December Intentions Lead to January’s Overwhelm

by | Jan 11, 2021

What Was I Thinking?

Upon reflection, during the Holidays, we become determined to make changes at work and personally in the New Year. Perhaps choosing goals to exercise, eat better, lose weight, or plans to build stronger relationships, pay off debt, and maybe goals to change work and personal habits for a better life and work experience.  Then we find ourselves back at work with all the projects, emails, and problems we left last year.

What we forget is how we will fit them all into our already full schedule. Those December intentions lead to January’s overwhelm. We then promise ourselves we will start “tomorrow,” and tomorrow never comes.

A client recently wanted to talk about turning her inaction into action in accomplishing all the goals she shared with me.

The following steps she committed to will help anyone wanting to achieve their new goals but become discouraged.

Prioritizing Is Key

Review your goals, prioritizing them according to their importance, just like you would do with determining which tasks you would tackle first.

Determine Action Steps

What are the high-level action steps for each goal? You don’t need to go too deep at this point.  It will give you a firm grasp of what you need to do overall.

The Domino Effect

Looking at the steps needed to accomplish your goals, does a step in one goal impact another goal? For instance, one of my client’s objectives is a weight goal, and another to pay off debt. As we talked through the steps, she realized that as she loses weight, she will be able to sell clothing that no longer fits, as one of several ways to reduce debt.

The 1% Rule

Change is always a challenge. It is uncomfortable. Take teenie actions.

If you want to organize your email box and it looks like a herculean task (One colleague had over 10,000 emails in his box!), take maybe 50 or 100 a day (or whatever feels right to you), file them, delegate them, defer them, or delete them. If they have been there quite a while and you are not sure what to do with them, I vote for deletion. It feels good too!

If you want to gain endurance, park farther from the building as a first step.

What small step can you take to begin work on your top goal?

Final Points

  • Schedule time for the action(s) you want to accomplish during the week on your calendar. A friend scheduled time to write her blog on her calendar to commit to the importance of her writing. Otherwise, writing was not on top of her mind while she focused on other tasks.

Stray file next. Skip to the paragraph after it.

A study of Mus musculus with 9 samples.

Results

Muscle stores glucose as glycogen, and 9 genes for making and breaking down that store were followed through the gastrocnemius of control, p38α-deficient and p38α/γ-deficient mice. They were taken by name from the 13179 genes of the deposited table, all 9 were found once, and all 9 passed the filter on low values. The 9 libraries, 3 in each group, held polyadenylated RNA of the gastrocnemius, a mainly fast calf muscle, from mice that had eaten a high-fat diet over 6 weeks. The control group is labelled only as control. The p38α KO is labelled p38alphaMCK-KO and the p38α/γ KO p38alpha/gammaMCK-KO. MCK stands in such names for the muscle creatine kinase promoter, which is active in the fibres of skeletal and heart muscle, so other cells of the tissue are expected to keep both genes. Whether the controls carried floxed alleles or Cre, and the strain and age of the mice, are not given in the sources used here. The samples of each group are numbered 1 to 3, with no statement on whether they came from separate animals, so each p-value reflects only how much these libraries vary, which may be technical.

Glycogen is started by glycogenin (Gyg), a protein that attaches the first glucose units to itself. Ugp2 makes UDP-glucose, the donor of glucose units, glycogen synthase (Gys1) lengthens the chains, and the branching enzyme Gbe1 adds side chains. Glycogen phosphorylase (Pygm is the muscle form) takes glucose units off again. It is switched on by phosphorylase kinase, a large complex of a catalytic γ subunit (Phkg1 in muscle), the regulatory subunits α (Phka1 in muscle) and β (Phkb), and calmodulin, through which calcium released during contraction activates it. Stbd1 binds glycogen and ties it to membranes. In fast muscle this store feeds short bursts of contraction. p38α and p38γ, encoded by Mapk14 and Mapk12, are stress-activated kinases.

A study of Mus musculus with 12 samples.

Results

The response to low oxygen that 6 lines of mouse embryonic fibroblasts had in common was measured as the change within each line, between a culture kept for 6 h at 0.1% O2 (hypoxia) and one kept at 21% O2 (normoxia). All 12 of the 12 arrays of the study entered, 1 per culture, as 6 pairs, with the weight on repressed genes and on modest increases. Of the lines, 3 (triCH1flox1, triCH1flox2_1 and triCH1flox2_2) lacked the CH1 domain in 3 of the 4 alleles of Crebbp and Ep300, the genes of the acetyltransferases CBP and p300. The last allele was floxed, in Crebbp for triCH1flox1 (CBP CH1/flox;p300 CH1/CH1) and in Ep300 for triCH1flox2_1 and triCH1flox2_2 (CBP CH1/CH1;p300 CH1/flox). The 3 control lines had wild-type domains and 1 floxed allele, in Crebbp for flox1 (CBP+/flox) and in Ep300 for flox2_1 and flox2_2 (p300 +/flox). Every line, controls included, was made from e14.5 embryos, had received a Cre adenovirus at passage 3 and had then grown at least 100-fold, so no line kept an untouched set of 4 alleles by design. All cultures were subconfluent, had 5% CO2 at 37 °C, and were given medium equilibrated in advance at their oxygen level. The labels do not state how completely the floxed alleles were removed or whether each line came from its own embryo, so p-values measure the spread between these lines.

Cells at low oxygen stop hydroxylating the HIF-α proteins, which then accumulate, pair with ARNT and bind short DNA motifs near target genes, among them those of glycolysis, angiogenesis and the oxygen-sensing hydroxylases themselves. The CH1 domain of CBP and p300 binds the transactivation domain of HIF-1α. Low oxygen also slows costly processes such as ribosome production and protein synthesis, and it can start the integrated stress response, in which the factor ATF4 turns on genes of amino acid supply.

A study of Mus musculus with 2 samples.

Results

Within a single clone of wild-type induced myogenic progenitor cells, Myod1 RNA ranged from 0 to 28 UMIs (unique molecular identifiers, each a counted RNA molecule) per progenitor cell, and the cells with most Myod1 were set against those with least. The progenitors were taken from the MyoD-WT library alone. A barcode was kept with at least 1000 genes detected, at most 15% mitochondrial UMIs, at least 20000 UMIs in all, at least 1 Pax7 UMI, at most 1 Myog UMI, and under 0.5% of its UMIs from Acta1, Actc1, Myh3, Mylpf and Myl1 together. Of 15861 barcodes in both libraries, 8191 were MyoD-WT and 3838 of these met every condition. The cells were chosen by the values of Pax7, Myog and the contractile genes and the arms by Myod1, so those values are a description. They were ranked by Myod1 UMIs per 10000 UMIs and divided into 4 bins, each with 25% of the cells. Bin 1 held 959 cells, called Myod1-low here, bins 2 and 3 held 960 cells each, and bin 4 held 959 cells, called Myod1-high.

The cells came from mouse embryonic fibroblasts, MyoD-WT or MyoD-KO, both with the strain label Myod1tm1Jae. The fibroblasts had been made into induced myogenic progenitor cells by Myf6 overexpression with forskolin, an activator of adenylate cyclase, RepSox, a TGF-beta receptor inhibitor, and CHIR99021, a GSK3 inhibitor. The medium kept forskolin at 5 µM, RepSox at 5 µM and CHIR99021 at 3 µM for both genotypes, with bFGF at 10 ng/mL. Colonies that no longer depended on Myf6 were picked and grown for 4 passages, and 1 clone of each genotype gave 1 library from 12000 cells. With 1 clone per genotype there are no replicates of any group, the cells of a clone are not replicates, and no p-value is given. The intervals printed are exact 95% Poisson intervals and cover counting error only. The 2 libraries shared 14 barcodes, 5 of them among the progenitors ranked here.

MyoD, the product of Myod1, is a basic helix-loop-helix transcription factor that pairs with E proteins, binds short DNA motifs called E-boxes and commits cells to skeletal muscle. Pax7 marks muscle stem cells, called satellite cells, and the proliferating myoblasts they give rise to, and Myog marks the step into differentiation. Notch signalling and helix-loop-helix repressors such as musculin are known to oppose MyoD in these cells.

• Schedule a debrief on where you are with the steps you committed to taking for the week. Did you do well? Congratulate yourself! Could you do better? You did something so congratulate yourself!
  • Are you willing to add to those actions in the following week?
  • Most importantly, are you still enthusiastic about doing something to achieve your goal?

To keep your commitment to change, taking little steps can make all the difference! The secret is to keep pushing forward, no matter how small. Don’t stop!


Over the course of her career, Chris Sier has been a leader, business development manager, process consultant, and corporate coach. Having been an executive/leadership/career coach with a Fortune 200 company; and since 2009, as a business owner, Chris has worked with VPs, directors, team leaders, and high potentials globally, working with clients to maintain their competitive edge, manage complexity, drive growth and operational efficiency, and inspire and engage multi-generational teams. She also works with clients on their brand and career management. She has authored numerous booklets and articles, and has a Bachelor of Science Degree in Community Development with a minor in Psychology from Central Michigan University.


I was having a lot of first and second job interviews, but no job offers. My interview prep coach, Chris Sier, helped me prepare succinct answers to commonly asked situational questions and share how I utilized my strengths and learned from my mistakes.  Using Skype, Chris taught me how to show confidence while interviewed by using my body language successfully. Shortly after, I got a job!